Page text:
Whatever you think of de Sade, he was a complex figure and we should not look for easy answers with him. He was, strangely perhaps, against the death penalty, and he was never put in prison for murders or anything like that.
The thoughts of a prisoner - they're not free either. They keep returning to the same things.
If it's near dinner-time, the foreman takes out his watch when the jury has retired, and says: "Dear me, gentlemen, ten minutes to five, I declare! I dine at five, gentlemen." "So do I," says everybody else, except two men who ought to have dined at three and seem more than half disposed to stand out in consequence. The foreman smiles, and puts up his watch:--"Well, gentlemen, what do we say, plaintiff or defendant, gentlemen?
One man meets an infamous punishment for that crime which confers a diadem upon another.
There are dreadful punishments enacted against thieves; but it were much better to make such good provisions, by which every man might be put in a method how to live, and so to be preserved from the fatal necessity of stealing and dying for it.
The mellow sweetness of pumpkin pie off a prison spoon is something you will never forget.
The perfection of a thing consists in its essence; there are perfect criminals, as there are men of perfect probity.
It is more dangerous that even a guilty person should be punished without the forms of law than that he should escape.
I have been studying how I may compare this prison where I live unto the world; Shut up in the prison of their own consciences.
When I was in prison, I was wrapped up in all those deep books. That Tolstoy crap - people shouldn't read that stuff.
If we look at Houston, which is a very environmentally toxic place, we find that it has one of the highest levels of young men going to prison and also among the highest levels of illiteracy in the country.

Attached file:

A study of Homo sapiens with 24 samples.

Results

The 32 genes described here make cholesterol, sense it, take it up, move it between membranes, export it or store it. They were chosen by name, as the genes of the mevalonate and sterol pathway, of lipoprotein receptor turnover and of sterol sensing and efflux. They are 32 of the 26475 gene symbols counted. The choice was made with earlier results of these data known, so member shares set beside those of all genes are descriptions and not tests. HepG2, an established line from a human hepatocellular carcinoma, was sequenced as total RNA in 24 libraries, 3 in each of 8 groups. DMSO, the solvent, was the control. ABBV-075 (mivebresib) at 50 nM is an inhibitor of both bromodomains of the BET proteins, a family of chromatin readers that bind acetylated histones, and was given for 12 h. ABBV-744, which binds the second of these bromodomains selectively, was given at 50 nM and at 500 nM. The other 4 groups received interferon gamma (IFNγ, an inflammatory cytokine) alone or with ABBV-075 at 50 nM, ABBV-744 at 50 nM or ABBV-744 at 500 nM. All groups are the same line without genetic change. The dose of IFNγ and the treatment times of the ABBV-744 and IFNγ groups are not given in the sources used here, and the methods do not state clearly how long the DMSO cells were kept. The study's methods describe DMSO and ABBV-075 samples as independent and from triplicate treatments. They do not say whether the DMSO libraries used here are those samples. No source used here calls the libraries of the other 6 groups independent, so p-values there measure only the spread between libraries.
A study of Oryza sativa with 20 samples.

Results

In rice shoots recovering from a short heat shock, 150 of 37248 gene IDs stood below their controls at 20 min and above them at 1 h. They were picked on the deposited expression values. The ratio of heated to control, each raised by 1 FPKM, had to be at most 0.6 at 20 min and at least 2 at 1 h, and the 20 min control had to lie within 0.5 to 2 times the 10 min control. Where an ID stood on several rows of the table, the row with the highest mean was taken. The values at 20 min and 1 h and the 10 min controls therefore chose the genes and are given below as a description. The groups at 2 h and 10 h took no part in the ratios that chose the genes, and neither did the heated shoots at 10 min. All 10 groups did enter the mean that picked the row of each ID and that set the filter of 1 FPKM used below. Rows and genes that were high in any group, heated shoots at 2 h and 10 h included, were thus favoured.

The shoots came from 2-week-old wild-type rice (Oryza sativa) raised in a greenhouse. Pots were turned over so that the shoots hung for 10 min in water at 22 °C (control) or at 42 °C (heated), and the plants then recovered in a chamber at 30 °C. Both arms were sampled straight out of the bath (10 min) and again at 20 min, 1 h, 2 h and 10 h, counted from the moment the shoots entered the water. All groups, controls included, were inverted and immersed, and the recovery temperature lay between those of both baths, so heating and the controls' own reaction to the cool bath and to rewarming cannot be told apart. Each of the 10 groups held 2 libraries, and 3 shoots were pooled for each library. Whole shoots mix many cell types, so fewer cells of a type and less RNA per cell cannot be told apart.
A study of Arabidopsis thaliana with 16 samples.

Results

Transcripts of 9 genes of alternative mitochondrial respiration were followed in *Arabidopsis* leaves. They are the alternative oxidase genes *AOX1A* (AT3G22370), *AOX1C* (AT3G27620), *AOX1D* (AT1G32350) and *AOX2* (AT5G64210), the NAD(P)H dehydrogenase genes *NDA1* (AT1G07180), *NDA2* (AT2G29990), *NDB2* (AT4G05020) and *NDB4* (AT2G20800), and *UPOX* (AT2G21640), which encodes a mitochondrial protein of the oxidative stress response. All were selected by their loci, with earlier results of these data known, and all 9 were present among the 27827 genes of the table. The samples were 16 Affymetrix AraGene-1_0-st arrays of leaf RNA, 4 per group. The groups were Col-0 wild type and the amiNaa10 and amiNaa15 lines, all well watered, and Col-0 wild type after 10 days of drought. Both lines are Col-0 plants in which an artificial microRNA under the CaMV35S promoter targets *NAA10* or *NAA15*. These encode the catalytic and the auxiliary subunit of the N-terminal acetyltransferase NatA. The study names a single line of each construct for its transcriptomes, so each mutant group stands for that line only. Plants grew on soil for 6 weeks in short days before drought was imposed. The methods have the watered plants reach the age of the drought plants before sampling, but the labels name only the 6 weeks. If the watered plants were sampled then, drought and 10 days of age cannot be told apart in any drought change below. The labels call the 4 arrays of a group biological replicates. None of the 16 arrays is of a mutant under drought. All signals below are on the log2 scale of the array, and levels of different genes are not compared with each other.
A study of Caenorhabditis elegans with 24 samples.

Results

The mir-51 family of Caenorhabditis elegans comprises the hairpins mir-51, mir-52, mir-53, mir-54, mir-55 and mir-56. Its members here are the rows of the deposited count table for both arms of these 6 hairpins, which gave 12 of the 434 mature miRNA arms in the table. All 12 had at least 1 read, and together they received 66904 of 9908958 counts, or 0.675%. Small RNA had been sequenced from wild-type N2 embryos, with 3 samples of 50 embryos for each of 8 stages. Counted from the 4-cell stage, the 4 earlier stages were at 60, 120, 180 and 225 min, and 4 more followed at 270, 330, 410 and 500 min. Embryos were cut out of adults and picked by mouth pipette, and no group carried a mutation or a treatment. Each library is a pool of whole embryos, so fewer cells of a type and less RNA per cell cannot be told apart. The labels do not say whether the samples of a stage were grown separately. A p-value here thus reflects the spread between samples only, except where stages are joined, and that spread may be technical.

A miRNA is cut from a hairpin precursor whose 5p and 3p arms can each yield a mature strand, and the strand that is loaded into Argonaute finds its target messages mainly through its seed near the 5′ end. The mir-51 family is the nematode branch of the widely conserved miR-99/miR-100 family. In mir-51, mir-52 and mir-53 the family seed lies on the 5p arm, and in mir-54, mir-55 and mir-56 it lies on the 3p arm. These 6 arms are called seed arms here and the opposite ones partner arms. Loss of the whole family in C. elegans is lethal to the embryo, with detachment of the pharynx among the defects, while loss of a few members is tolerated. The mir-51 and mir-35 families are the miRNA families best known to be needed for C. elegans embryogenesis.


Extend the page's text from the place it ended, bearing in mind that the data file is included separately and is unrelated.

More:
Here the great art lies, to discern in what the law is to be to restraint and punishment, and in what things persuasion only is to work.
Experts and the educated elite have replaced what worked with what sounded good. Society was far more civilized before they took over our schools, prisons, welfare programs, police departments and courts. It's high time we ran these people out of our lives and went back to common sense.
Nothing can be more abhorrent to democracy than to imprison a person or keep him in prison because he is unpopular. This is really the test of civilization.
A country is in a bad state, which is governed only by laws; because a thousand things occur for which laws cannot provide, and where authority ought to interpose.
One of the problems that the marijuana reform movement consistently faces is that everyone wants to talk about what marijuana does, but no one ever wants to look at what marijuana prohibition does. Marijuana never kicks down your door in the middle of the night. Marijuana never locks up sick and dying people, does not suppress medical research, does not peek in bedroom windows.
No written law has been more binding than unwritten custom supported by popular opinion.
Prisons don't rehabilitate, they don't punish, they don't protect, so what the hell do they do?
Overlook our deeds, since you know that crime was absent from our inclination.
The difference between tax avoidance and tax evasion is the thickness of a prison walls.